Irma gained strength to become a category 5 hurricane and changed course slightly to the south. The dangerous storm has crept closer to the possibility of impacting Florida. So, as residents monitor the weather and make plans for a number of prospective scenarios, now is the time to begin including the family into the preparations.
Children have different levels of understanding, but at nearly every age, it is possible to incorporate them into hurricane preparedness. Carolyn Miles, president and CEO of Save the Children, says that children “are the most vulnerable during emergencies,” and that parents should try to “minimize the emotional effect of such traumatizing events on children, and provide the support they need.”
Here are some tips for families preparing for a hurricane:
1. Prepare with kids in mind
Just how do you prepare your kids while planning a plethora of “what if’s”? One easy step is to include kid-friendly supplies into your emergency kits. Age appropriate books, puzzles, and games are a welcome sight to kids facing uncertainties. Slightly older kids would appreciate a portable DVD player, or tablet with a battery powerbank and pre-loaded games and movies. Teens could find comfort in having extra powerbanks too, for their smartphones and devices. Keep your technology charged prior to the storm. All ages should have a battery-powered radio.
2. Talk, but stay positive
Talk to your children about what is going on. Depending upon maturity level, discuss what a storm is and what sights and sounds are associated with them. Talk about how helpful your children are and how smart it is to prepare for rain and wind. Discuss your plans for staying in the house for a couple of days, or traveling to another area, depending upon the needs and requirements of your area.
3. Make preparation a game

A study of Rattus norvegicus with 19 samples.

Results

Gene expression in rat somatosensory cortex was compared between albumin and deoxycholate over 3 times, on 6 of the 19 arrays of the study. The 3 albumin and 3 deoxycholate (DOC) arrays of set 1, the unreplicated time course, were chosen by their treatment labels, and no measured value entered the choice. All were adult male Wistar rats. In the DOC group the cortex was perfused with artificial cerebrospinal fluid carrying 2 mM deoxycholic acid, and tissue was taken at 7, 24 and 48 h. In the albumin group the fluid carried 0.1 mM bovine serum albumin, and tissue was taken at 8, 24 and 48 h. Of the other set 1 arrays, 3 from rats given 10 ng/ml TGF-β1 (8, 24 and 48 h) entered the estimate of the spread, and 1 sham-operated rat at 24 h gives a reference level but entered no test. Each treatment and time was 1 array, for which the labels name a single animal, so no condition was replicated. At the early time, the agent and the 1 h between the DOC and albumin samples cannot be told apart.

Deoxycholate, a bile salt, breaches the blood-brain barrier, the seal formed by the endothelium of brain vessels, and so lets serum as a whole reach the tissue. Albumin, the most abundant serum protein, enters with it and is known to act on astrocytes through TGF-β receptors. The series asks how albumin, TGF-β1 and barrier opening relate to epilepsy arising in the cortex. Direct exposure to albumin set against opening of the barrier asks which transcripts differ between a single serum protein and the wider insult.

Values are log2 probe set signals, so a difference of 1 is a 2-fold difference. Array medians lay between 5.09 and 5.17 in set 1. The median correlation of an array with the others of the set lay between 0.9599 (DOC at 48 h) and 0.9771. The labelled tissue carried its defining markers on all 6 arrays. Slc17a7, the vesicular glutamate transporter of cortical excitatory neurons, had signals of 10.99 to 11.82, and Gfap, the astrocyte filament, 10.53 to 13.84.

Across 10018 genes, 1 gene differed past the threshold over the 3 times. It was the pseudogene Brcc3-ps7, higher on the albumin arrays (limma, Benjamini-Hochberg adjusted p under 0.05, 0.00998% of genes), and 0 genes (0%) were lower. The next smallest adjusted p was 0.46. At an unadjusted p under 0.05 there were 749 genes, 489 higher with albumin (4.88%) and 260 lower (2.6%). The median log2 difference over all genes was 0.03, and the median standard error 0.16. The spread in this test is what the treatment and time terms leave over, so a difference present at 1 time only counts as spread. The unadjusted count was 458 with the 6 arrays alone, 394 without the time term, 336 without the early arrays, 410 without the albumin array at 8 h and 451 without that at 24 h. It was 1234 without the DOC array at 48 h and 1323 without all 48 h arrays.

Create a scavenger hunt to find the items needed to fill your kit. Don’t forget to ask your child what important things they’d like to have too. Make room for a special stuffed-animal, a soft blanket and maybe a few action figures. Hint: Flashlights are fascinating to kids; making shadow-puppets can pass time without power.
4. Limit media exposure
Save the Children recommends that parents limit t.v./internet viewing of hurricane coverage. Hurricane Harvey is fresh on the minds of Americans and wide coverage of the devastating aftermath is available on virtually every newscast. Save the Children warns that watching these stories can frighten young children and disturb teenagers.
5. Keep routines
Keep routines as consistent as possible. Your child will model much of their behavior after yours; so if you remain calm and orderly, your child will feel more confident and comfortable also.
After the storm, try to return to your usual daily activities as soon as you can. If you are displaced, ask about programs which help keep your kids in school and aid with transportation.
Remember that children are resilient. By considering the needs of your kids ahead of time and fostering a positive directive, your family can make it through these uncertain days – together!